A new law, implemented by the Ministry of Industry and Trade, bans the export of medical masks without special authorization.
Rabat – Moroccan authorities arrested two British men for attempting to smuggle thousands of face masks out of the country on March 3, reported UK newspaper the Metro.
The first arrest concerned a British truck driver attempting to transport 100,000 masks to his home country through the Tangier-Med Port. The driver failed to declare the masks to customs officials.
The Metro estimated the value of the masks at $3.4 million given their shortage in Britain amid the novel coronavirus (COVID-19) outbreak.
At the time of writing, the UK has recorded 116 cases of the virus and one death.
Meanwhile, the second arrest occurred at the Agadir International Airport after authorities found 17,000 medical masks in a British man’s luggage.
The suspect bought the masks from pharmacies across Agadir and hoped to resell them for higher prices once in the UK.
Authorities discovered the suspect had an extensive criminal record for smuggling contraband goods.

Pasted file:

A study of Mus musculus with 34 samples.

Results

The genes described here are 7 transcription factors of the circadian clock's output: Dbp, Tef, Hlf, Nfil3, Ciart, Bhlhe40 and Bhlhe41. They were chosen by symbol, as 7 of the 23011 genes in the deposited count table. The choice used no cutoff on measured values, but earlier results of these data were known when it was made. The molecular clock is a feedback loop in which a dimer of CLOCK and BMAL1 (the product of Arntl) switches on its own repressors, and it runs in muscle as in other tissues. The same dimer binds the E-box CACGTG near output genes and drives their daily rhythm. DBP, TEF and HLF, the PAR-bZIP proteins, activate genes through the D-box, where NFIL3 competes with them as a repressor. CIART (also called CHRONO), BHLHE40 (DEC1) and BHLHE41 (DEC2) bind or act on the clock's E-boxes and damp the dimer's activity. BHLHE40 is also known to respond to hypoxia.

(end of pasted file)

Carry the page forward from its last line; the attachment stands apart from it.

The arrests came one day after the Moroccan Ministry of Industry and Trade banned exporting medical protective masks without special authorization.
The move aims to ensure the availability of a sufficient supply of medical masks in Morocco as COVID-19 spreads globally.
On the same day, Head of Government Saadeddine El Othmani and Minister of Health Khalid Ait Taleb announced that the government has a stock of 12 million medical masks.
The Ministry of Health will also purchase all national production of medical masks to increase its stock.
While fear from the novel coronavirus is pushing Moroccans to procure medical masks, the minister of health is advising against using them without medical consultation.
Morocco has confirmed two cases of COVID-19: A man and a woman who separately traveled to Morocco from Italy, a country with nearly 4,000 confirmed cases.
The man’s condition is improving. However, the woman is in critical condition due to her old age and preexisting chronic illness.
In his most recent public statement, on Friday, March 6, the minister of health assured that the current situation in Morocco “remains under control.”